One of the actresses I've been most eager to see has been Suraiya, famous as a singing star from the pre-playback era. Especially since I recently flipped through Shobhha De's novel Bollywood Nights, where she was clearly, and cruelly, roman-a-clefed. After her parents refused to allow her to marry Dev Anand, she vowed never to marry, and she never did. Not that marriage is the be-all and end-all or anything (and more on that subject later), but really, reading his autobiography, he was nothing to get that worked up about. I'm telling myself that she really didn't want to get married anyway, and used him as a pretext.
The film opens with a narrator telling us the story ("dastan") of the people in the "Raj Mahal." My first thought was, the Mahal where Raj Kapoor lives? And he does! In the movie at least. Anyway, almost immediately, I was reminded of the kind of movies Bette Davis used to make: there's a death in the old mansion, and then a flashback to the proud, stern sister who ruled the house and manipulated the lives of everyone in it. Very 1940s women's "weepie," and I mean that in the best possible way.
Sweet orphaned Indra (who'll grow up to be played by Suraiya, with a lovely, clear singing voice indeed) is taken into a wealthy family, where she is beloved by the two sons and deeply resented by older sister Rani (Veena).
That very young and skinny Raj Kapoor is the fun-loving younger brother, who somehow, off-camera, develops the discipline to become a pilot, and who woos Indra in the back seat of a car with lines like "My desires are soaring. Come, I'll take you for a ride." Yeah, I bet he will! As his more serious older brother and unspoken romantic rival, Al Nasir doesn't make much of an impression, which I guess is why Raj is Raj, despite the mugging and some very fey dancing.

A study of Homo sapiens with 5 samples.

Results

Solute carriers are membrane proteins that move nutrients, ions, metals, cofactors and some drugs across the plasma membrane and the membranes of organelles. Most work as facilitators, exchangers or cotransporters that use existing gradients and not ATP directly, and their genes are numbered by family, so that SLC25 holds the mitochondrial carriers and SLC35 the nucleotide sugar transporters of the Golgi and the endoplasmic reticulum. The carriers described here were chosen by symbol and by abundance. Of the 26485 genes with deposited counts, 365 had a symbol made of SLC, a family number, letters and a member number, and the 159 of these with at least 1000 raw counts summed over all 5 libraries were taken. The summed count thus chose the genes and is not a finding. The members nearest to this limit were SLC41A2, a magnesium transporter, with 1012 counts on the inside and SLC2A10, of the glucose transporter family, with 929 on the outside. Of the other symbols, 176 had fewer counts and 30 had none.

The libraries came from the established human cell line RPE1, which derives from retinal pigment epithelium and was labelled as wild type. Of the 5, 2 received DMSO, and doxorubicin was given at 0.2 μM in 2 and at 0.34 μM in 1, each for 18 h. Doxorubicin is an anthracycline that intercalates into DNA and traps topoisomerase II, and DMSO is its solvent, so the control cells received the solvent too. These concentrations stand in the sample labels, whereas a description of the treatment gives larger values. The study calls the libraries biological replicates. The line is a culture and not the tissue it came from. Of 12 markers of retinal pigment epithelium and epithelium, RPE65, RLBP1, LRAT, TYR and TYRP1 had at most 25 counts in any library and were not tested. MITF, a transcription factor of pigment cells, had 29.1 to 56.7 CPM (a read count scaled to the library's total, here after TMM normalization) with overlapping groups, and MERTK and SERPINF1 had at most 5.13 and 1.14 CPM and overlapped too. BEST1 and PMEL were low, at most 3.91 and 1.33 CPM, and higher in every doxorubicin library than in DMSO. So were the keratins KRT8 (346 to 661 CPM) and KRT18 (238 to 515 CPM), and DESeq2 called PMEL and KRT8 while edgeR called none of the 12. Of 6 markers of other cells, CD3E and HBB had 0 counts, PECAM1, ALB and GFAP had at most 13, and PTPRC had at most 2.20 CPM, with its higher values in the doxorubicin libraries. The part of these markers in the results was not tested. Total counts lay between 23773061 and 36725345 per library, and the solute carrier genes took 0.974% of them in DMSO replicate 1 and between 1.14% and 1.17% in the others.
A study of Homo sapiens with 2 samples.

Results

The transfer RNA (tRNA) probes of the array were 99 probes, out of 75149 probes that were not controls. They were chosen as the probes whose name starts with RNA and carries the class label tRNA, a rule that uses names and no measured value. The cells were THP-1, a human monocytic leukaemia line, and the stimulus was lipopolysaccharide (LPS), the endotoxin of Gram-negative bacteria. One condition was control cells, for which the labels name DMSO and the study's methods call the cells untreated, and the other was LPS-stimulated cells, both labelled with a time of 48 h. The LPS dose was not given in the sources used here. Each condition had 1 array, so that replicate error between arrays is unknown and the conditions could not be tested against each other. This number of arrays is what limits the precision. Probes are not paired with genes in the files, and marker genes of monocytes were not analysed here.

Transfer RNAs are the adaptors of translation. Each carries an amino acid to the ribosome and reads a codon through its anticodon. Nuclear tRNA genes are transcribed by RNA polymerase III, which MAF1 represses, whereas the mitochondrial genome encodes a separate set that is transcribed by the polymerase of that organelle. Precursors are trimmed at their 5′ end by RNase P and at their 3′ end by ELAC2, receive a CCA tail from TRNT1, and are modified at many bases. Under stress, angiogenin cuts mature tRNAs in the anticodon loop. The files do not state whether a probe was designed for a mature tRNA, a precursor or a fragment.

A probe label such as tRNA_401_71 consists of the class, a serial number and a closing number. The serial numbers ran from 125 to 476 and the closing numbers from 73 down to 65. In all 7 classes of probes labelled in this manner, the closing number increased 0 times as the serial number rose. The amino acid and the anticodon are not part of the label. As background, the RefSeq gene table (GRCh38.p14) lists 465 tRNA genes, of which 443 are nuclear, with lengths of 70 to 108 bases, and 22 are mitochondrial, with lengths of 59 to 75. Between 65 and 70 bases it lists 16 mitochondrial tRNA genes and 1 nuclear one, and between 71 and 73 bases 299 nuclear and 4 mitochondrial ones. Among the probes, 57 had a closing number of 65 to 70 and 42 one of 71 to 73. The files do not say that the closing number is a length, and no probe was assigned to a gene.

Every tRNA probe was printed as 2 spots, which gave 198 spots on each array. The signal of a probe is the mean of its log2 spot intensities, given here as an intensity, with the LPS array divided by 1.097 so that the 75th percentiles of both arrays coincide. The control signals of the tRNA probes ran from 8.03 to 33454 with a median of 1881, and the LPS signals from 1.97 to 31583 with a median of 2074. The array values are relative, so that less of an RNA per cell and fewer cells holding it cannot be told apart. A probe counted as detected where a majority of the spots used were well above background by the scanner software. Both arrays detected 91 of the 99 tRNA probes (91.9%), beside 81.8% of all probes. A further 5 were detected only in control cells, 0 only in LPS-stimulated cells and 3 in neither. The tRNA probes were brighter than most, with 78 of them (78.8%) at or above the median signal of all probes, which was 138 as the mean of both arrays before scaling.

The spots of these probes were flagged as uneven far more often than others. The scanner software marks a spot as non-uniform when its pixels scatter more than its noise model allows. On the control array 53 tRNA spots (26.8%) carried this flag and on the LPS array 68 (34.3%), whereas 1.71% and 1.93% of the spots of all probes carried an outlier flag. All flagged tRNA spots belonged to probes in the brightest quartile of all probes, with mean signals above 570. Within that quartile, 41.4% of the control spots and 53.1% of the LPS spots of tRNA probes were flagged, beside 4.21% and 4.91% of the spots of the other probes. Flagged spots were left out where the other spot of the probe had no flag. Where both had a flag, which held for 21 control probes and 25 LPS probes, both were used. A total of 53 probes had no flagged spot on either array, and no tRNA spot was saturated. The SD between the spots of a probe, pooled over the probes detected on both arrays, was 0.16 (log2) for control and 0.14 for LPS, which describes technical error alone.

Then there's old friend Ramesh, the man Rani plots to hook up with Indra, just to get her out of the house and away from her brothers. Ramesh seems like the best pick of the lot -- rich, good-looking, willing to love Indra sincerely and, if necessary, platonically. For once, thank goodness for that "we've loved each other since childhood" thing to explain why she prefers Raj, who acts like a total idiot in the face of transparently false information about Indra's affections, from a source he knows is untrustworthy.
Despite the tragedy she engenders with her meddling, I'm actually oddly sympathetic toward cold-hearted Rani, especially after this exchange:
Family retainer Shambhu Dada: Till when will you be a spinster?
Rani: Till the rules of your society don't change.
Dada: Child, it's impossible to change the rules of the society.
Rani: Then think that my marriage is also impossible.
Dada: Can I know the reason for this hatred?
Rani: It's because the men of this country take a woman as a slave...and I don't want to be a slave of my husband.
Amen, sister! Frankly, I was hoping for a third-act twist in which she would find love with "what you might call a new man...looking for a new kind of love." (To quote Down With Love's Catcher Block, ladies' man, man's man, man about town). I digress in a big way, but Rani is definitely a Down With Love Girl. And in the absence of the right kind of man, she's right to stay single. Besides, she keeps calling Raj an idiot, and while she may be a bitch, she's got a point.
I came so close to having a Veena film festival: my next Netflix was Kaagaz Ke Phool, in which she plays Guru Dutt's estranged wife. But I decided I wasn't in the mood for anything too serious, so I sent it back. I'll watch it someday, and hopefully catch more of Veena's oeuvre. But in the meantime, I'm waiting on Dancer, which looks like a latter-day Mithun Chakraborty movie, only with a young Akshay Kumar. Now, that's a mental picture that haunts me!